Instead of trying to wax eloquent about my understanding of the empty tomb, here is Craig Evans contextualizing the scene.
So if the body of Jesus received proper burial late Friday afternoon, why did women visit his tomb early Sunday morning? The Gospels tell that the women brought spices with them (Mark 16:1; Luke 24:1). They did this because of the Jewish custom of visiting the tomb of the recently deceased every day for one week (Josephus, Ant. 17.200; Semahot 12.1; cf. Gen 50:10; 1 Sam 31:13). This was primary burial, or the first funeral, as it were. The spices and perfume helped mask the unpleasant odor of the decomposing corpse. One year later, as prescribed by Jewish custom (b. Qiddushin 31b), family members gathered up the skeletal remains and placed them in a niche, or in an ossuary (m. Sanh. 6:6; Semahot 12.9). In the case of one executed, the remains were collected from the burial place of shame and placed in the family tomb or other place of honor (m. Sanh. 6:5–6; Semahot 13.7). The belief was that after one year of death, and the consequent wasting away of the flesh, removed the stain of guilt.
According to the Gospel of Matthew, the tomb of Jesus was sealed, which made it clear that his body could not be removed and placed elsewhere. The famous Nazareth burial inscription (SEG VIII 13) is probably relevant here. Tampering with tombs was a serious offence. If such happens, Caesar orders that charges be laid. However, visiting the tomb of an executed criminal and weeping quietly were permitted (m. Sanh. 6:6). This is what the women plan to do, so they wonder who will assist them in moving aside the heavy stone (Mark 16:3), that they might enter the tomb, anoint the body of Jesus, and silently pray and grieve.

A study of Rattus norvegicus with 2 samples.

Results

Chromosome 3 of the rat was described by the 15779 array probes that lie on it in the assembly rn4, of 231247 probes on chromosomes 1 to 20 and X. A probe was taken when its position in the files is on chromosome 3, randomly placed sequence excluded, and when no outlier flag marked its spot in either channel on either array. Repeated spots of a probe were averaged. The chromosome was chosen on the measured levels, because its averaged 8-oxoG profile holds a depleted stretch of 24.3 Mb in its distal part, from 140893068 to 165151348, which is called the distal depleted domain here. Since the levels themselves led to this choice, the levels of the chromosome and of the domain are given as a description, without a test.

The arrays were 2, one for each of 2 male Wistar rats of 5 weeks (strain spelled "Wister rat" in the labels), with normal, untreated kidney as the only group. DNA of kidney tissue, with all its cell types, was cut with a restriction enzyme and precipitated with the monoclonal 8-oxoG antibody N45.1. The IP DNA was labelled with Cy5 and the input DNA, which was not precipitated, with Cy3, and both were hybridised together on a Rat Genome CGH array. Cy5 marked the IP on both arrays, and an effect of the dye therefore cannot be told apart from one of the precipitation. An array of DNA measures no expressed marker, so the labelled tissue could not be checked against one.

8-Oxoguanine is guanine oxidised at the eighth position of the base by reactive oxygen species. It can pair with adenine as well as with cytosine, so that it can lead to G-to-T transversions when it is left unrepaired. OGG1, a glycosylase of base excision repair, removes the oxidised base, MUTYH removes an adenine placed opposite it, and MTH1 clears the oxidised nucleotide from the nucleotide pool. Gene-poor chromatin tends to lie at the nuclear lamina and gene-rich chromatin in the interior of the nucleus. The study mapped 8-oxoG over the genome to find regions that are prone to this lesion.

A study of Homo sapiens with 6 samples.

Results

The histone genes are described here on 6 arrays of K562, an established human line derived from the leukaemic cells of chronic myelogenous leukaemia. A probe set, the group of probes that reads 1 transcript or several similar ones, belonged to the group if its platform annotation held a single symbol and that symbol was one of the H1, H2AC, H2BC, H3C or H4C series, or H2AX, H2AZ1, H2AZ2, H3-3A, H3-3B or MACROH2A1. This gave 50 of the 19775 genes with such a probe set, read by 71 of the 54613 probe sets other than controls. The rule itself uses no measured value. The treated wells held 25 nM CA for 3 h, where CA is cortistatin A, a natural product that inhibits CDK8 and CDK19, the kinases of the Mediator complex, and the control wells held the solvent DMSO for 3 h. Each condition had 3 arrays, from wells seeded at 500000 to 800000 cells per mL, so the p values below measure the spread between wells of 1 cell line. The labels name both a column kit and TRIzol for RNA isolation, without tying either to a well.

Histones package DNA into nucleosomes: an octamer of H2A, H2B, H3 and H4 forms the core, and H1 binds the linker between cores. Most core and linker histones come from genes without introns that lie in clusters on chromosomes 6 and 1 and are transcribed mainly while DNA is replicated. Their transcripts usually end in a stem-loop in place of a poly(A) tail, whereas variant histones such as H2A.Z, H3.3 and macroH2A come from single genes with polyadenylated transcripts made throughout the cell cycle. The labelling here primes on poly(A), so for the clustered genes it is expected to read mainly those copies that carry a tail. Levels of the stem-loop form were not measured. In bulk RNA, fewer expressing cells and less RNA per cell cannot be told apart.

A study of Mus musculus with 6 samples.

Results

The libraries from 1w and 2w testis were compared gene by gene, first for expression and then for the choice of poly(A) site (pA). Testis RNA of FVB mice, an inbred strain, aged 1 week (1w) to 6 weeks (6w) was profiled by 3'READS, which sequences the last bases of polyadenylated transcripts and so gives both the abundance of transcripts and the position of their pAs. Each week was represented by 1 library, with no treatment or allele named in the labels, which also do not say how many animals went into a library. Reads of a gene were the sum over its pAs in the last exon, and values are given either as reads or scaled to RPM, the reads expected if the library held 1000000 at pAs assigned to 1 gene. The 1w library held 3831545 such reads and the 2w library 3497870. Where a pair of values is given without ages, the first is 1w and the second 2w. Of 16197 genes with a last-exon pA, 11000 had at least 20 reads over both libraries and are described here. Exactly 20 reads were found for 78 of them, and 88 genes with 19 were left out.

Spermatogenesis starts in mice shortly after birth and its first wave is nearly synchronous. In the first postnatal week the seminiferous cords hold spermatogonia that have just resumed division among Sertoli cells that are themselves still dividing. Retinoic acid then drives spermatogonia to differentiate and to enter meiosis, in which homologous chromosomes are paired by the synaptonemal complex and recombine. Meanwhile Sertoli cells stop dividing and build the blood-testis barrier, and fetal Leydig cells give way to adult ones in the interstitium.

As it turns out, all of their preparations and plans were thrown to the wind. When they arrive at the place of burial, they find that the stone has been rolled aside and there is no body of Jesus to be anointed. There will be no one week of private, quiet mourning. What has happened? It is probable that they assumed that the body of Jesus had been removed by the Jewish authorities, perhaps on the grounds that the body should have been placed in tomb previously used and designated for the burial of the executed. Perhaps the kindness of Joseph of Arimathea in making his not-yet-used tomb available for Jesus had been overriden by the high priest. It is not likely that the first thing that popped into the minds of the women was resurrection.
What persuaded the women, and soon after several of the male disciples, that Jesus had in fact been raised from the dead was not the empty tomb but actual appearances of Jesus to them. The appearances demonstrated that Jesus still lived; the empty tomb made it possible to speak of resurrection and not merely ghostly apparitions. After all, according to the Jewish understand, resurrection was the raising up of the dead from their dusty graves (as in Isa 26:19; Dan 12:2).
The appearances of Jesus, not only to disciples, supporters, and friends, but also to the indifferent and hostile, offer strong evidence that he had in fact been raised from the dead, that the Easter proclamation was not a hoax or silly urban legend. The resurrection of Jesus, which includes the story of his death and burial, is consistent with all known evidence and makes very good sense of the narratives that the four New Testament Gospels give us. It is therefore important to become familiar with the relevant background archaeology and literature.